Police have issued a formal warning about N-Ethylpentylone being sold as ecstasy after 13 people were hospitalised in Christchurch.
Nine people, including a 15-year-old, were admitted over the weekend of February 24, and another four on the following Monday.
Emergency Medicine Specialist Paul Gee said the duty doctors picked up that the behaviour of the patients was not consistent with usual MDMA/ecstasy side effects—but doctors couldn’t immediately identify the drugs as patients refused to give further information.
Subsequent medical analysis identified the substance taken as N-Ethylpentylone—and drug testing organisation Know Your Stuff NZ say they have found the drug at every festival they tested at in 2017, and every event so far in 2018.
According to Know Your Stuff NZ, users described their experience on N-ethylpentylone as “seedy” and “cracky”. Physical effects can include raised pulse and blood pressure, high body temperature, convulsions, acidosis, and rapid muscle breakdown. Psychological effects include agitation, paranoia, compulsion to redose, difficulty sleeping for up to 36 hours, and temporary psychosis.
That matches up to what the Christchurch patients were experiencing: the patients "arrived in an agitated state, with dangerously high blood pressure and an elevated high heart rate," Christchurch Hospital emergency department consultant Dr Suzanne Hamilton said at the time.
"The issue for the public is that a dose of MDMA/ecstasy is generally 100mg, however to get the same effect only 30mg of N-Ethylpentylone is required," says Detective Inspector Greg Murton.
"Hence, if N-Ethylpentylone is mistaken for MDMA/ecstasy, the user will be taking three times the 'prescribed' dosage, posing a danger to themselves."
Deaths have been documented overseas as being directly attributed to accidental overdoses of N-Ethylpentylone.
In the UK, a number of people suffered health issues after a large batch of Pentylone was sold at a music festival. VICE spoke to Fiona Measham, professor of criminology at Durham University who conducts drug tests at festivals. Measham said while overdoses from pentylone were rare, “people are going to have a very unpleasant time, being agitated and paranoid for around 36 hours.”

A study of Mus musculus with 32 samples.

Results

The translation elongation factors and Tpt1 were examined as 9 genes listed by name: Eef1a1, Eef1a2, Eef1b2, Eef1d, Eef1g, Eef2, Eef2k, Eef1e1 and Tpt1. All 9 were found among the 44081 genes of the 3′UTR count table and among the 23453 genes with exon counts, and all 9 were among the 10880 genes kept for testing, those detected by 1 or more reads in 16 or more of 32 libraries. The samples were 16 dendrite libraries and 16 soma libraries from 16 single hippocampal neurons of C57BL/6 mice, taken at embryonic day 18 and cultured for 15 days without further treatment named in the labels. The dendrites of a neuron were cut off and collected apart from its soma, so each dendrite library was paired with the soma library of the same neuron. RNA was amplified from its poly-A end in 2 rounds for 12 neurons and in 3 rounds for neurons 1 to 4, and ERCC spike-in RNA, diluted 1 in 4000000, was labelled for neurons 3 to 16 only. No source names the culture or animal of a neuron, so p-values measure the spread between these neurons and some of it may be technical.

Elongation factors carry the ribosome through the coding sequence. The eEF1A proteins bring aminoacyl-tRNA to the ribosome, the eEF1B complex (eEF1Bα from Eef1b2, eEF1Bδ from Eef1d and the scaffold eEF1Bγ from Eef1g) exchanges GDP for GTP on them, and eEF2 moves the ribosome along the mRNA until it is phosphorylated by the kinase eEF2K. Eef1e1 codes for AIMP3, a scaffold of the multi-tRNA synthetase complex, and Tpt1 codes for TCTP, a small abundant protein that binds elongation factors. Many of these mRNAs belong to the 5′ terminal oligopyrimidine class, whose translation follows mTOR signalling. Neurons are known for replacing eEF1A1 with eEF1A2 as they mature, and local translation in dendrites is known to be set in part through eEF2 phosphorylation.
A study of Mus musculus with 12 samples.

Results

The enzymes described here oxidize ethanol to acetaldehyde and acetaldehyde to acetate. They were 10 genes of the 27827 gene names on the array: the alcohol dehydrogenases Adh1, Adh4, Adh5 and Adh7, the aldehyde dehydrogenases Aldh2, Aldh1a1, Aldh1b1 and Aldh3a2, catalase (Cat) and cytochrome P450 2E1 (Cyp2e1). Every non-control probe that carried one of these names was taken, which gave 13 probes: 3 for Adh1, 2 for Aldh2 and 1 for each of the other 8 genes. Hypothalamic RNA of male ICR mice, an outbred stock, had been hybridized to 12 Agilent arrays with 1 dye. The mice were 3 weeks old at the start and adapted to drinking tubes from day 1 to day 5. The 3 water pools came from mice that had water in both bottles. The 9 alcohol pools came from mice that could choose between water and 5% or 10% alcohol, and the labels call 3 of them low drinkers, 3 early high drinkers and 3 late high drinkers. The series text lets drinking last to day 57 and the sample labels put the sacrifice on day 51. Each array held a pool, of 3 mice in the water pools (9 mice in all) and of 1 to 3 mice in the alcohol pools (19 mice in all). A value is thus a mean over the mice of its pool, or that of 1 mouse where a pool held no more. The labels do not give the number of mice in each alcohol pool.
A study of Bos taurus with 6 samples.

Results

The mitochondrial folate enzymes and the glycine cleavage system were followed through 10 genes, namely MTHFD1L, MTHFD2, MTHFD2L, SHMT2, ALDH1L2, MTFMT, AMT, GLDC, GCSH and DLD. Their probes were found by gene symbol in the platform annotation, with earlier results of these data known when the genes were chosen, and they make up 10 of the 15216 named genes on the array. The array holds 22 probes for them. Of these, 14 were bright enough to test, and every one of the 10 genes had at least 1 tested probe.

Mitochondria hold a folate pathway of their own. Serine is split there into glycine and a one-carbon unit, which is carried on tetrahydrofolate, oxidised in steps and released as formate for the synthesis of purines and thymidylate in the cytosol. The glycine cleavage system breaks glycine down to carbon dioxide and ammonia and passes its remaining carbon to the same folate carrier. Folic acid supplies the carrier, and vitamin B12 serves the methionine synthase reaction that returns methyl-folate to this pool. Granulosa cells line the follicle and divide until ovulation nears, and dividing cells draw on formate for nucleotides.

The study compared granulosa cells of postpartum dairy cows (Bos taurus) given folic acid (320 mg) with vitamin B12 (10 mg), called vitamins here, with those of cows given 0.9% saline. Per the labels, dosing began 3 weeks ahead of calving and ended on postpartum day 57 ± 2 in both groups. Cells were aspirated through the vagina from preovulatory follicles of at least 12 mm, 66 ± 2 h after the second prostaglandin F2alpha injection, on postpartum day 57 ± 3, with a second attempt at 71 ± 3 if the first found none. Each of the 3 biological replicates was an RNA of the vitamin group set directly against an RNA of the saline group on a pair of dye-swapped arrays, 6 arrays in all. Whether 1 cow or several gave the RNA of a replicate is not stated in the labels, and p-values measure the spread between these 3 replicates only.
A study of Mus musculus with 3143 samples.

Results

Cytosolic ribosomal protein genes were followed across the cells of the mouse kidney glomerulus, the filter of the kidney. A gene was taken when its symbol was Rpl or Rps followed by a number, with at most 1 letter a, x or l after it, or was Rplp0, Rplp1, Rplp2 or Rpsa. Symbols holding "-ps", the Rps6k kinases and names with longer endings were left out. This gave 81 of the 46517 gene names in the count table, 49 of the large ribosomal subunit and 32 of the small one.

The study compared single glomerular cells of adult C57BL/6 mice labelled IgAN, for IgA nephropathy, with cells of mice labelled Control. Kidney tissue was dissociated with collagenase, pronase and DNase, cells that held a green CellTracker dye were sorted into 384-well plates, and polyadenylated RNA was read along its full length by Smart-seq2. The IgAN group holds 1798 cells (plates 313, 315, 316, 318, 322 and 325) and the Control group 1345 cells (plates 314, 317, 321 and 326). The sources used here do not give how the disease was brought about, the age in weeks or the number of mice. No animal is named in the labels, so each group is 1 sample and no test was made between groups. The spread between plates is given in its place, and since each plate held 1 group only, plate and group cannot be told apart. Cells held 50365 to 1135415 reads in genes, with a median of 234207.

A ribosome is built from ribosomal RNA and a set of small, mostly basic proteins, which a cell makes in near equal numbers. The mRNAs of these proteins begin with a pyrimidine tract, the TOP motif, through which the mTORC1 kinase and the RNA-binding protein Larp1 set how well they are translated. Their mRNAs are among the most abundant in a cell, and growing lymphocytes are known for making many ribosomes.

“The other concern is that it has a very mild euphoric effect, and what will happen, same with PMA, people will re-dose because they think that the MDMA is not very strong. By the time it's had an effect they'll realise they've had a huge amount of pentylone. Even after they were administered with intravenous sedatives like diazepam they still had high blood pressure and their pulse hadn't gone down. They're very long-lasting,” she said.
Last year, VICE reported the drug-testing results from New Zealand’s festival circuit. From those results, a full 30 percent of the drugs tested weren't what users thought they were taking.
The 2017 data showed the majority of people thought they had MDMA or LSD, with the largest chunk thinking they'd bought MDMA. Only about 70 percent of those who believed they had MDMA actually did. If their drugs weren't consistent with what they thought they had, the most common substitute was some variety of cathinone—known as 'bath salts'. N-ethylpentylone is a variety of Cathinone, and has been associated with major health incidents in the UK. New Zealand had its first recorded fatality from cathinone in 2016.